A panel of state and federal regulators meets today in San Francisco to consider closing the entire continental shelf to commercial trawling next year. In doing so, they'll decide the fate of communities like Warrenton.
Warrenton and nearby Astoria are home to 46 trawlers, the largest fleet in Oregon. Most of the rust-streaked boats are lined up in berths in the Warrenton Boat Basin.
The trawlers harvest fish by dragging nets across the ocean floor. Allowed harvests of bottomfish, a group of species targeted by trawlers, have dropped by 40 percent in the past six years, sharply cutting the annual incomes of West Coast trawlers.
But now the Pacific Fishery Management Council, which has scheduled a four-day meeting, is ready to close vast areas of the ocean to commercial trawling. An advisory panel to the council has recommended prohibiting all trawling from depths of 300 feet to 900 feet. That's the region frequented by three species the federal government has declared overfished: bocaccio, canary rockfish and yelloweye rockfish.
These species typically show up as snapper in the grocery case.
The advisory panel said it might also be necessary to prohibit trawling to a depth 2,100 feet, to protect a fourth overfished species, darkblotched rockfish.
Disbelief washes through Warrenton and Astoria, battered by salmon declines and restrictions and increasingly dependent on trawling.
It was once possible to make $100,000 a year or more as a trawler skipper, perhaps half that as a deckhand. Now some trawl skippers say they will be lucky to make $35,000 this year.
And no one knows what will happen next year.
"Everybody's stunned," said Dan Parker, 52, aboard his 88-foot trawler, the Sea Eagle, docked with 26 other trawlers last week in the Warrenton harbor. "Nobody can believe what happened over the last five years. What's about to happen is incomprehensible."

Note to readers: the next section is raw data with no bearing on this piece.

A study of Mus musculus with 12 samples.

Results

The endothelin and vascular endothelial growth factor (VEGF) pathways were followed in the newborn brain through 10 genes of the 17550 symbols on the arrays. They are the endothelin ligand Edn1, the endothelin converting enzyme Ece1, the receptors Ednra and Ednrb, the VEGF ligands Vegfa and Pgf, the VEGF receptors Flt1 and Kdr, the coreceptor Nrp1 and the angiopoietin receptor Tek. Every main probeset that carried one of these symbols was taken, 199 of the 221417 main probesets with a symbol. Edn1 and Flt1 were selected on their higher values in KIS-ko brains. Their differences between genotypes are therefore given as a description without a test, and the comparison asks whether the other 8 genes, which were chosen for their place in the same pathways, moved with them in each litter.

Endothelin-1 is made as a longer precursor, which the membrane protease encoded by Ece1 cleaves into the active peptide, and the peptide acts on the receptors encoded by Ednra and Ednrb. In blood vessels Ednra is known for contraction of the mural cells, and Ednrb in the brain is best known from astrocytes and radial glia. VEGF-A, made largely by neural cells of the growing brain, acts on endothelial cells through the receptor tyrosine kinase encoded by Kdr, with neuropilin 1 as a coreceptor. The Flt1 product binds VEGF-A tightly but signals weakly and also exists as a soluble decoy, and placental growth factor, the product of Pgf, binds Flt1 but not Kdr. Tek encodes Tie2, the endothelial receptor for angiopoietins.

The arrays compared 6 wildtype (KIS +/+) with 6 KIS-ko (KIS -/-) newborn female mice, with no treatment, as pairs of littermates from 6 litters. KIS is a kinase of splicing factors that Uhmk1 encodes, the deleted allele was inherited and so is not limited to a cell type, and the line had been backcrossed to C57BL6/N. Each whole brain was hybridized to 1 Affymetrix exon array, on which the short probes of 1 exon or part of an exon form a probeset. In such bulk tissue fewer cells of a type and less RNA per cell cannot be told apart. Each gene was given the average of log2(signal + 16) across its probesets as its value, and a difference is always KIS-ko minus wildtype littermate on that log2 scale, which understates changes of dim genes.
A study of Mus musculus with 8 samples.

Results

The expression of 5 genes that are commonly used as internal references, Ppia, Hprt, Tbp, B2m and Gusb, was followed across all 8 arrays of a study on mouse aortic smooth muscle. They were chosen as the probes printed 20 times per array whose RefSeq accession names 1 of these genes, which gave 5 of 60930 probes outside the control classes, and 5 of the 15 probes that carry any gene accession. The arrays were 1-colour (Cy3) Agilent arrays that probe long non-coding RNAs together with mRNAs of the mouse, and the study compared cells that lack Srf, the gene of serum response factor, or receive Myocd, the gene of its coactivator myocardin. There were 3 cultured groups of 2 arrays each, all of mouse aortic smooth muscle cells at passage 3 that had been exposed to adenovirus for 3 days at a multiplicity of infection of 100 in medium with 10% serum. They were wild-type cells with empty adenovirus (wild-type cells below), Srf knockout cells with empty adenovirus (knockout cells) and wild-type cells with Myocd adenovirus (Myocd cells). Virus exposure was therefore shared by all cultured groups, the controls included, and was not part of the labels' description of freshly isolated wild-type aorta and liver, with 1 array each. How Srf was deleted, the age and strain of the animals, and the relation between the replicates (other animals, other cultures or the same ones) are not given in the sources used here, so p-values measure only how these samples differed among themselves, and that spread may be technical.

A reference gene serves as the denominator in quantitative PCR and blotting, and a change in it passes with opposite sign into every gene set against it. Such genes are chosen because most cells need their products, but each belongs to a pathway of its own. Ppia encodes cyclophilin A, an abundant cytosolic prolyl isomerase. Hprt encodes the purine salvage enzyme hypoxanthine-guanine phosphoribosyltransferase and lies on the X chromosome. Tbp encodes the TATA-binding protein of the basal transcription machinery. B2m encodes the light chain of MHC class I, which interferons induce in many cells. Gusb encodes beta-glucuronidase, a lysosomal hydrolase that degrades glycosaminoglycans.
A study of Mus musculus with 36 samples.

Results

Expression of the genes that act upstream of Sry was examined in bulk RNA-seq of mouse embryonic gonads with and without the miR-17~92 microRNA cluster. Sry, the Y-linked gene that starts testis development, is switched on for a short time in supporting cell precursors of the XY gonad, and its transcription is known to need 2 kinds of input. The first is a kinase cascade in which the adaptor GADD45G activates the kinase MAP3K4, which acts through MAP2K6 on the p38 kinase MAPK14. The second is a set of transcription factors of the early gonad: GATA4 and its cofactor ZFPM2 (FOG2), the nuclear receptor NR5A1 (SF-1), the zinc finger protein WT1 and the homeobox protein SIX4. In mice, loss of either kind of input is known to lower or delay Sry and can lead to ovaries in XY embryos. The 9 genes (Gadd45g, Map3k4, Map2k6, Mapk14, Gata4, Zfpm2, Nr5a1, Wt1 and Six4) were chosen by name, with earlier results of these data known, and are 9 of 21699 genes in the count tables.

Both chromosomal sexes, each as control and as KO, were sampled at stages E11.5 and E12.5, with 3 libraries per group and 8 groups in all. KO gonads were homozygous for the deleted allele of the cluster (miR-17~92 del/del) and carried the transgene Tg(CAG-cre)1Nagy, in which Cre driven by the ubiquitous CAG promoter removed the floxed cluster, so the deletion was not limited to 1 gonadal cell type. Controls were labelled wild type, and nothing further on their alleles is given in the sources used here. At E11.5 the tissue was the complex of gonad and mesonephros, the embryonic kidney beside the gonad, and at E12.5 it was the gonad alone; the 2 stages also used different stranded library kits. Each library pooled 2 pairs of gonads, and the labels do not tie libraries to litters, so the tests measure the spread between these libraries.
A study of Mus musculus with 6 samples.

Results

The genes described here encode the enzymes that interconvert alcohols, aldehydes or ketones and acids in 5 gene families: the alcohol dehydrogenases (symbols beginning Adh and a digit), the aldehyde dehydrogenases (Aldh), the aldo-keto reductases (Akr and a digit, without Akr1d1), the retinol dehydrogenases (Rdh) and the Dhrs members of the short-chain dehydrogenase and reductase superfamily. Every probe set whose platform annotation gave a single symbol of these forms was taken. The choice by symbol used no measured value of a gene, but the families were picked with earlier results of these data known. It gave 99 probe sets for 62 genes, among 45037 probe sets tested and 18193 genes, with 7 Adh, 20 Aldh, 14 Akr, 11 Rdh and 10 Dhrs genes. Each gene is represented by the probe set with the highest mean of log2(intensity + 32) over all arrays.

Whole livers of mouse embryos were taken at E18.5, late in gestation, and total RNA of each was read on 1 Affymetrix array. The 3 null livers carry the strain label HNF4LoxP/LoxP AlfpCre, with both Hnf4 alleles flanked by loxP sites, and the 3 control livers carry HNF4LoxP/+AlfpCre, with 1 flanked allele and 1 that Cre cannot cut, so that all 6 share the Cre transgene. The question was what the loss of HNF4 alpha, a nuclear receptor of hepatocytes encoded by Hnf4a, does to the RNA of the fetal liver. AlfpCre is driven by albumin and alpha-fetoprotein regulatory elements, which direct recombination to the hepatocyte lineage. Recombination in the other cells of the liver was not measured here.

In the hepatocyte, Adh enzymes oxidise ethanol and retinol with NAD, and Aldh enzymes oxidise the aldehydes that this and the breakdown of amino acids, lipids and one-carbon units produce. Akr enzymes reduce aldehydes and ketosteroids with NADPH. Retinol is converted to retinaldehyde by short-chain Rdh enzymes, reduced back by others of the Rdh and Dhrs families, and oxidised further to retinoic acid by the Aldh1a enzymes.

Parker paid $475,000 in 1987 to build his boat, complete with a spacious wood-paneled galley that gives his vessel the feel of a luxury yacht. Boats such as his, he said, sold for $1 million in the early 1990s. Recently, he said, a boat similar to the Sea Eagle sold for $275,000.
Many trawl skippers don't know whether they will be able to make a living at all. Among them is Gary Smith, 46, the skipper of the 60-foot Pacific Conquest.
"It doesn't look good," he said, repairing a net on a parking lot near the Warrenton docks. "I've been fishing all my life, and now I've got to start thinking of doing something else. I'm wondering what else I can do."
Tom Morrison, skipper of the 65-foot Pacific Queen, caught 30,998 pounds of bottomfish on a four-day fishing trip ending Friday. The catch, mostly dover and petrale sole, with some yellowtail and other rockfish, was worth about $14,000 at Pacific Coast Seafoods, a processing plant in Warrenton.
That sounds good, until you learn that the harvest limits now in place mean Morrison can only make one such trip a month. Morrison's trawler delivered $400,000 worth of fish each year in the early 1990s; he says the current limits mean he'll be lucky to gross $180,000 this year.
"They've been whittling away and whittling away," Morrison said. "They can only whittle away so much before we're out of business."
Regulators say federal law leaves them no choice: They must issue rules that ensure the recovery of overfished stocks. The problem is that the most depleted stocks travel widely and mingle with more abundant fish. Yelloweye rockfish are so depleted that even if harvests were stopped completely, scientists calculate it would take 96 years for the fish to recover off Oregon and Washington.
"We have to make some hard decisions," said Hans Radtke, chairman of the council. "If I have any advice, it's people need to do everything they can to downsize, cut their costs. That's the only thing they can do if they want to stay in the trawling business."